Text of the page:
John Paul II offended by attacks on Church
From Bruce Johnston in Rome
MAJOR RII-TS appeared in the Vatican's special relationship with Italy this week as the Pope expressed disappointment over a gay pride march — for which he was attacked for meddling in the affairs of a secular state.
The procession, which developed into a carnival on the Circus Maximus, involved as many as 200,000 people. Romans turned out with the children to watch while lesbians kissed each other before the television and news cameras, and observers cheered while transsexuals bared their breasts as they were driven in open lorries past the Coliseum.
The Vatican had tried to have the march stopped, saying it feared that it would mar its Jubilee celebrations of the 2,000th anniversary of the birth of Jesus Christ.
But the Church failed to overcome a growing liberal mood in Italy over the issue of homosexuality. One government minister, declaring he was gay, even threatened ahead of the march to have Italy's Lateran Treaties with the Vatican re-examined in order to free Rome from Church interference.
Vicious anti-Catholic rhetoric and the presence of a minister and a priest at the head of the procession, along with anti-religious slogans and banners, turned the march into a threat and an insult to the Church, which felt compelled to comment publicly.
"The popes blessed Hitler's guns, military parades, burnings at the stake, and the Crusades," one placard read, "but not bisexual love?". "God loves me too" said the cardboard papal mitre worn by one gay demonstrator sporting sunglasses.
"1943, the Vatican kept quiet about the deportation of gays and Jews," read a slogan, "2000, the Vatican shouts at gay pride. When will the Vatican ask our forgiveness'?"
"In memory of all the homosexuals persecuted by the Catholic Church," said one placard." "Atheist Pride," stated one, while another said "Our Father. who art in Heaven, stay out of my life".
At the concert held later to wind up the eight days of what organisers said was the first world Gay Pride festival, a young man dressed as the Pope pressed his face against the bared naval of former Spice Girl singer and United Nations goodwill ambassador Geri Halliwell as she performed on stage.
The following day Pope John Paul II, in his Sunday Angelus spoke "in the name of the Church of Rome" to 30,000 applauding people in St Peter's Square.
He said: "1 have to express disappointment for the offence bruught to the Jubilee of the Year 2000 and for the offence made to a city which is so dear to the hearts of the Catholics all over the world.
"The Church cannot remain silent before the truth, because in so doing it would be unfaithful to God the Creator, and would not help to distinguish between good and evil."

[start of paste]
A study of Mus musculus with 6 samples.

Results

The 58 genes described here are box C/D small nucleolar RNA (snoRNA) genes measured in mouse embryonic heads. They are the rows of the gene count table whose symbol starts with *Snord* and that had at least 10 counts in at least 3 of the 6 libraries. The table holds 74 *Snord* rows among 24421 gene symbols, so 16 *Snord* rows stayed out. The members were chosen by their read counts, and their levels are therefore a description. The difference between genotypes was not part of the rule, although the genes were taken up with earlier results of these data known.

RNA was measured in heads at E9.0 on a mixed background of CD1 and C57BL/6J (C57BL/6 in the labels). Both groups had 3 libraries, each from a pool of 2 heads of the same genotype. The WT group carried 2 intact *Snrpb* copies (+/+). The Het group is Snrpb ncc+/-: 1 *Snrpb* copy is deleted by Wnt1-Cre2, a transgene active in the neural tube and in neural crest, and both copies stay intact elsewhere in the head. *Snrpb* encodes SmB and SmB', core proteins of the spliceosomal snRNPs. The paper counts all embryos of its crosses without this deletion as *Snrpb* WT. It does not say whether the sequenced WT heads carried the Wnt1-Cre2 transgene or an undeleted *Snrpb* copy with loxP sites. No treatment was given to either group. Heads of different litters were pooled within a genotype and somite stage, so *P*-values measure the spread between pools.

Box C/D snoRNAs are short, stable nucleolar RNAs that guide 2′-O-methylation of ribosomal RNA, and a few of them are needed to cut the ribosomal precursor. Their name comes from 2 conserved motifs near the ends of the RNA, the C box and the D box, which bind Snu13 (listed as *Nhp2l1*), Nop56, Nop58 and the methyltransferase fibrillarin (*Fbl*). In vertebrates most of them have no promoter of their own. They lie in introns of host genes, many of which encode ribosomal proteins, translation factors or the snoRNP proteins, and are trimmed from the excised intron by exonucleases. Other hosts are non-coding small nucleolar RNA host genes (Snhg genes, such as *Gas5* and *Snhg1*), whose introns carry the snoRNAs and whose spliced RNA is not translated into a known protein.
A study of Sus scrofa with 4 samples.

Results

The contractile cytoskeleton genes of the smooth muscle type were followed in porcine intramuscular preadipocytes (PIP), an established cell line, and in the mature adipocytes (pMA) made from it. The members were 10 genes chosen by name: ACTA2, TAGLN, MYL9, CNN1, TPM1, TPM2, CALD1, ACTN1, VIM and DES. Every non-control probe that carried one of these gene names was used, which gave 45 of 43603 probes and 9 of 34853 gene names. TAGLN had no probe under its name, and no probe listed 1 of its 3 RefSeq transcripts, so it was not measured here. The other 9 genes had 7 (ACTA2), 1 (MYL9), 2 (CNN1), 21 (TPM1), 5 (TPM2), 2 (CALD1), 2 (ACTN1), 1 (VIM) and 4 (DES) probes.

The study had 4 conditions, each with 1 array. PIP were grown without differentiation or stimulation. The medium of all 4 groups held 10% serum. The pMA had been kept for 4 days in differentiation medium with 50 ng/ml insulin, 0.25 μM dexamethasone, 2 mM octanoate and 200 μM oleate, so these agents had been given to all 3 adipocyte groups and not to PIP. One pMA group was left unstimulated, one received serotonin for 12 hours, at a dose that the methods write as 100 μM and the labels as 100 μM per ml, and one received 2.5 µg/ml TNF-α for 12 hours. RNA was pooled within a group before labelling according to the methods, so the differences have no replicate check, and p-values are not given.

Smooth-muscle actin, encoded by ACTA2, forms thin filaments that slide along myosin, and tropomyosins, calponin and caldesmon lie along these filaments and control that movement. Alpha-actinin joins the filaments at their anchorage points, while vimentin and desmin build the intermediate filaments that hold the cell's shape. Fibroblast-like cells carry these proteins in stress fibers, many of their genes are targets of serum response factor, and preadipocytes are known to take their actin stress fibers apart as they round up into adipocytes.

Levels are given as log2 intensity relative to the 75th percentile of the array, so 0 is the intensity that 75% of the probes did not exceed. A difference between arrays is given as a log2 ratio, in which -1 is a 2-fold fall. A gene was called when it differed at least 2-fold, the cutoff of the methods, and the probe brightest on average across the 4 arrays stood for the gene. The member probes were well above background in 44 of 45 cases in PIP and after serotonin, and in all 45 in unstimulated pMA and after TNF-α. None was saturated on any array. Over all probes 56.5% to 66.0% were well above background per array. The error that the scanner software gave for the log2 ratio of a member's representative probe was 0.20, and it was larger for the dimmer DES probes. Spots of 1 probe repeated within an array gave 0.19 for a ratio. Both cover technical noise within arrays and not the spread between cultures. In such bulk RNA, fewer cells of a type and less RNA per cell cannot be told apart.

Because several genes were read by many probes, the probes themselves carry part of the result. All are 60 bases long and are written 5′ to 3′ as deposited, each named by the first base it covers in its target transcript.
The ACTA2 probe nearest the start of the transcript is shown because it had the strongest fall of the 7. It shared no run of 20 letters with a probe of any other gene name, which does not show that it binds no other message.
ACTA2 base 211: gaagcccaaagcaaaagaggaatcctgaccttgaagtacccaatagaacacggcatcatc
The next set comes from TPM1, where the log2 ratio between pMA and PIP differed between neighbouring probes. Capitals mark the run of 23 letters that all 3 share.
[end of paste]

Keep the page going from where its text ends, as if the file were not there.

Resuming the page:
Ile then quoted the Catechism, saying: "This inclination (homosexuality), which objectively is a disorder, is a trial for the major ity of those involved. For that reason they should be welcomed with respect, compassion and gentleness."
The events overshadowed the Pope's celebration of Mass in Rome's Regina Cecil prison, on the banks of the River Tiber, the same morning, to mark the Church's Jubilee Day for Prisoners, and sparked a domestic political row which divided Italy's Centre-Left coalition.
His comments also stirred widespread indignation in the media, which had given large coverage to the march before concluding that it had been peaceful, positive and "unoffensive".
Milan's Corriere della Sera, Italy's largest daily, attacked the Pope and the Church in a front-page commentary.
"Rome is no longer the capital of the pontifical state," it said. "Rather, it is the capital of a secular state, and so, has to exert its sovereignty over everyone, without discrimination of a religious or — why not'? sexual nature. . .
"Judging by the Pontiff's words," the Corriere continued, "it seems to us that for the Vatican the 'injury' which it suffered 130 years ago in Porta Pia (the symbol of the Italian forces' occupation of Rome) still continues to fester..."
The paper added: "Wasn't it John Paul II himself who asked for forgiveness for the persecution of the Jews, Galileo's trial, and the Inquisition? And so when is he going make a similar gesture for homosexuals?"
Rome's La Repubblica, also in a front page commentary, said: "By allowing the march, Italy showed itself to have a more open, understanding and tolerant sensitivity than the Church. Judging from his words, the Pope appeared to not take this into account.
"He saw Gay Pride only as an affront to the Jubilee and as an offence to Rome's Christian character. But Rome today is something more, and the Italian context during the millennium is not something that can only be boiled down to the Jubilee."